Overview of attention for article published in BMC Psychiatry, March 2013

  • In the top 25% of all research outputs scored by Altmetric
  • Good Attention Score compared to outputs of the same age (76th percentile)
  • Above-average Attention Score compared to outputs of the same age and source (56th percentile)

Mentioned by

twitter
3 tweeters
facebook
2 Facebook pages
googleplus
1 Google+ user

Citations

dimensions_citation
50 Dimensions

Readers on

mendeley
76 Mendeley
Abnormalities of cortical-limbic-cerebellar white matter networks may contribute to treatment-resistant depression: a diffusion tensor imaging study
Published in
BMC Psychiatry, March 2013
DOI 10.1186/1471-244x-13-72
Pubmed ID
Authors

Hong-jun Peng, Hui-rong Zheng, Yu-ping Ning, Yan Zhang, Bao-ci Shan, Li Zhang, Hai-chen Yang, Jun Liu, Ze-xuan Li, Jian-song Zhou, Zhi-jun Zhang, Ling-jiang Li

Abstract

White matter abnormalities can cause network dysfunction that underlies major depressive disorder (MDD). Diffusion tensor imaging (DTI) is used to examine the neural connectivity and integrity of the white matter. Previous studies have implicated frontolimbic neural networks in the pathophysiology of MDD. Approximately 30% of MDD patients demonstrate treatment-resistant depression (TRD). However, the neurobiology of TRD remains unclear.

Twitter Demographics

The data shown below were collected from the profiles of 3 tweeters who shared this research output. Click here to find out more about how the information was compiled.

Mendeley readers

The data shown below were compiled from readership statistics for 76 Mendeley readers of this research output. Click here to see the associated Mendeley record.

Geographical breakdown

Country Count As %
Switzerland 1 1%
Netherlands 1 1%
Australia 1 1%
United Kingdom 1 1%
New Zealand 1 1%
Unknown 71 93%

Demographic breakdown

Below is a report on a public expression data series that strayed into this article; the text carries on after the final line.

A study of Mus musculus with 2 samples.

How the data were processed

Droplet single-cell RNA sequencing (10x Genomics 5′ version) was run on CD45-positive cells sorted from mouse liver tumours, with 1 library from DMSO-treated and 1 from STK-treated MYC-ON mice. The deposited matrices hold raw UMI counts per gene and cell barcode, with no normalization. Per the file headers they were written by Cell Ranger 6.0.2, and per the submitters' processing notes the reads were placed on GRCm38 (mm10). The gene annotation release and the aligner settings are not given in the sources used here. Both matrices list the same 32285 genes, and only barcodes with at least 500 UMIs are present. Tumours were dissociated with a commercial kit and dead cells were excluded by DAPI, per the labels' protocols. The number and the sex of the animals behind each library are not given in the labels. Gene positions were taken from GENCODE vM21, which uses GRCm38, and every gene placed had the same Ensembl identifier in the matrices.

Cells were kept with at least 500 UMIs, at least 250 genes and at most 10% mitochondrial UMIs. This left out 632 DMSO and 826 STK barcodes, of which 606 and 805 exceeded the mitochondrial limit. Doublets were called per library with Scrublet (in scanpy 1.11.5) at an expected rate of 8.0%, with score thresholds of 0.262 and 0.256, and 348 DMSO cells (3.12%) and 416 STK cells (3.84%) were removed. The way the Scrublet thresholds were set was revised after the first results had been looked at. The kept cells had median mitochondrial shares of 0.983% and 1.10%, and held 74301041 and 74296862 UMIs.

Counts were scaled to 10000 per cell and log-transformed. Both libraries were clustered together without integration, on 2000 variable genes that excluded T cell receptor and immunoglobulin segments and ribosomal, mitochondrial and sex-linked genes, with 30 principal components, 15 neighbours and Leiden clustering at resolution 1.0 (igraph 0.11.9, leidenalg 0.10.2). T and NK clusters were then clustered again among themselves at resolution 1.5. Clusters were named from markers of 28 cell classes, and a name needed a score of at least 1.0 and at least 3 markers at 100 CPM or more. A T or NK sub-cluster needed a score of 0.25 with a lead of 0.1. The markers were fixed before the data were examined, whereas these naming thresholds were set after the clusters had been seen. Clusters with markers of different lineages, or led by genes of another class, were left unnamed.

Readers by professional status Count As %
Student > Ph. D. Student 15 20%
Researcher 12 16%
Student > Doctoral Student 11 14%
Student > Master 10 13%
Student > Bachelor 9 12%
Other 9 12%
Unknown 10 13%
Readers by discipline Count As %
Psychology 25 33%
Medicine and Dentistry 18 24%
Neuroscience 11 14%
Agricultural and Biological Sciences 4 5%
Computer Science 1 1%
Other 2 3%
Unknown 15 20%

Attention Score in Context

This research output has an Altmetric Attention Score of 4. This is our high-level measure of the quality and quantity of online attention that it has received. This Attention Score, as well as the ranking and number of research outputs shown below, was calculated when the research output was last mentioned on 01 May 2013.
All research outputs
#924,776
of 4,507,144 outputs
Outputs from BMC Psychiatry
#532
of 1,485 outputs
Outputs of similar age
#20,881
of 89,018 outputs
Outputs of similar age from BMC Psychiatry
#37
of 88 outputs
Altmetric has tracked 4,507,144 research outputs across all sources so far. Compared to these this one has done well and is in the 79th percentile: it's in the top 25% of all research outputs ever tracked by Altmetric.
So far Altmetric has tracked 1,485 research outputs from this source. They receive a mean Attention Score of 4.9. This one has gotten more attention than average, scoring higher than 63% of its peers.
Older research outputs will score higher simply because they've had more time to accumulate mentions. To account for age we can compare this Altmetric Attention Score to the 89,018 tracked outputs that were published within six weeks on either side of this one in any source. This one has done well, scoring higher than 76% of its contemporaries.
We're also able to compare this research output to 88 others from the same source and published within six weeks on either side of this one. This one has gotten more attention than average, scoring higher than 56% of its contemporaries.